Regime Change: The Transition from the Globe to the Planet
Reading for writing
Whether we like it or not, every one of us lives in the shadow of the Globe, the worldwide system of economics, technology, media and politics that delivers food to your stomach and disinformation to your brain. The German sociologist Niklas Luhmann simply called it ‘Society’ - note the use of the singular - to indicate an entity that contains all humans along with the material and communicative tissues that bind us together into an autonomous whole.
Aside: Luhmann is famous in ‘second brain’ circles for being a prominent proponent of a method called Zettelkasten, which was his way of taking connected notes on paper. Supposedly responsible for his prolific writing - over 50 books and 550 articles over a long career.
Luhmann’s assumption (or claim?) was that Society is an autopoietic system, i.e., a system whose primary activity is to create itself and lead an autonomous existence. In this view, what society does is primarily driven by its own internal processes and only incidentally affected by the world outside. Society, as the fullest expression of human autonomy, is also the mechanism through which that global human is constituted, a being connected to all other human beings, immune to predation, fear and and disease and that only answers to its own demands. How many of us worry about being bitten by a snake or eaten by a tiger? For Society, these creatures are objects, where an object is an entity outside an autopoietic system that the system uses for its own purposes.
But of course, the dream of Society was only a dream; we can no more seal ourselves off from the rest of the universe than we can live in an glasshouse for eternity. That we are connected to the non-human world around us is a commonplace observation: the real irony - as climate change and the pandemic are telling us - is that the very processes that sustain Society are the ones that have made it porous and vulnerable and brought it to the brink of collapse. Society’s need for autonomy from the Planet is the very thing responsible for ending its autonomy from the Planet. That contradiction is exhibit A for:
Society makes sense only in the light of the Planet
There’s no economy without ecology, there’s no politics without planetics. Even something as other-worldly as religion has to be reinterpreted against the backdrop of our planetary condition. There’s no going back to the Globe- whether our civilization collapses or whether we rise to the occasion.
The regime change from the Globe to the Earth is well under way, but its contours are mostly hidden from us. We will need to cast a speculative eye to discern the Earth’s features as they will reveal themselves in the near future. At the same time, the Earth can’t be studied as if it were ‘natural,’ a rock with a thin layer of life on its surface and nothing else. Studies of the social have revealed:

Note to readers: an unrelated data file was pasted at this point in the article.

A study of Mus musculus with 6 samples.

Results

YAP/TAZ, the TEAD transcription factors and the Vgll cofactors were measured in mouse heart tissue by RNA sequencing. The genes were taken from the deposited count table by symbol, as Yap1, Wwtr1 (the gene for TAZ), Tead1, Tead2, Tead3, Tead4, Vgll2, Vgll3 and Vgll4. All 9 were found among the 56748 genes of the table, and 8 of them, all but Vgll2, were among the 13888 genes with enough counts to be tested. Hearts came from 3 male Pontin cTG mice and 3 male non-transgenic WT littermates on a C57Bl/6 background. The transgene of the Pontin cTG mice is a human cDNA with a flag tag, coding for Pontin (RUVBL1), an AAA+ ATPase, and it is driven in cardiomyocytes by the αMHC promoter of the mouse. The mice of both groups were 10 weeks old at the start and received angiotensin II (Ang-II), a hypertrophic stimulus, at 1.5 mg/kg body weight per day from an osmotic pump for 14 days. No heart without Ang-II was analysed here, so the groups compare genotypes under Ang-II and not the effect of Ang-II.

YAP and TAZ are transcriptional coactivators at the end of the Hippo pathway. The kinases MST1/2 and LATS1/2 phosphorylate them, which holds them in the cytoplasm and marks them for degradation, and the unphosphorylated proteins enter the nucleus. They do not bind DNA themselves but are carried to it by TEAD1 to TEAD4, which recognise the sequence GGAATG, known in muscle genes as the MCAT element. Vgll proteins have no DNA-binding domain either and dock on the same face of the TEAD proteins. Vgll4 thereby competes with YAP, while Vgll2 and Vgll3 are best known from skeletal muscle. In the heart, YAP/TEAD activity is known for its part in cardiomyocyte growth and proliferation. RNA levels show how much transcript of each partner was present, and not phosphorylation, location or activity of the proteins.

The metaphysical richness of the human animal, the Dasein, as Heidegger called it.
The material complexity that goes into the self-production of Society.
We need to bring that taste for diversity and subtlety to the study of the Earth. This is a romantic view, both in the small ‘r’ colloquial sense and in the big ‘R’ Romantic tradition sense. It’s the Romantics who first articulated an organic, holistic response to the mechanical tendencies of modernity. As Andrea Wulf says about the influence of the thinkers and poets of Jena:
Many of those who were inspired by the ideas coming out of Jena felt that they lived in a world ruled by division and fragmentation – they bemoaned the loss of unity. The problem, they believed, lay with Cartesian philosophers who had divided the world into mind and matter, or the Linnaeun thinking that had turned the understanding of nature into a narrow practice of collecting and classification. Coleridge called these philosophers the ‘Little-ists’. This ‘philosophy of mechanism’, he wrote to Wordsworth, ‘strikes Death’. Thinkers, poets and writers in the US and across Europe were enthralled by the ideas that developed in Jena, which fought the increasing materialism and mechanical clanking of the world.
The pinnacle of the Romantic view, the proper home for our animal selves, is not the nation state but the Earth itself. The planet is where history began and it’s where history ends for the foreseeable future.
Over the next year, I will explore how the visible and invisible hand of the planet helps us make sense of Society. In this exploration ‘trained speculation’ will have as much a role to play as the analysis of facts. My goal isn’t to to explain what’s happening or to predict the future1,but to paint a plausible picture of what might happen. I will be doing a lot of ‘reading for writing,’ i.e., reading books and essays written by others who have something to offer to our planetary turn, with the reading having a specific purpose: writing the planet into society. I don’t know how often I will write - once a week seems like a good rhythm to establish, but expect more frequent missives when I am on the trail of a particularly important idea.
It’s very hard to predict, especially the future — variously attributed to Yogi Berra and Niels Bohr.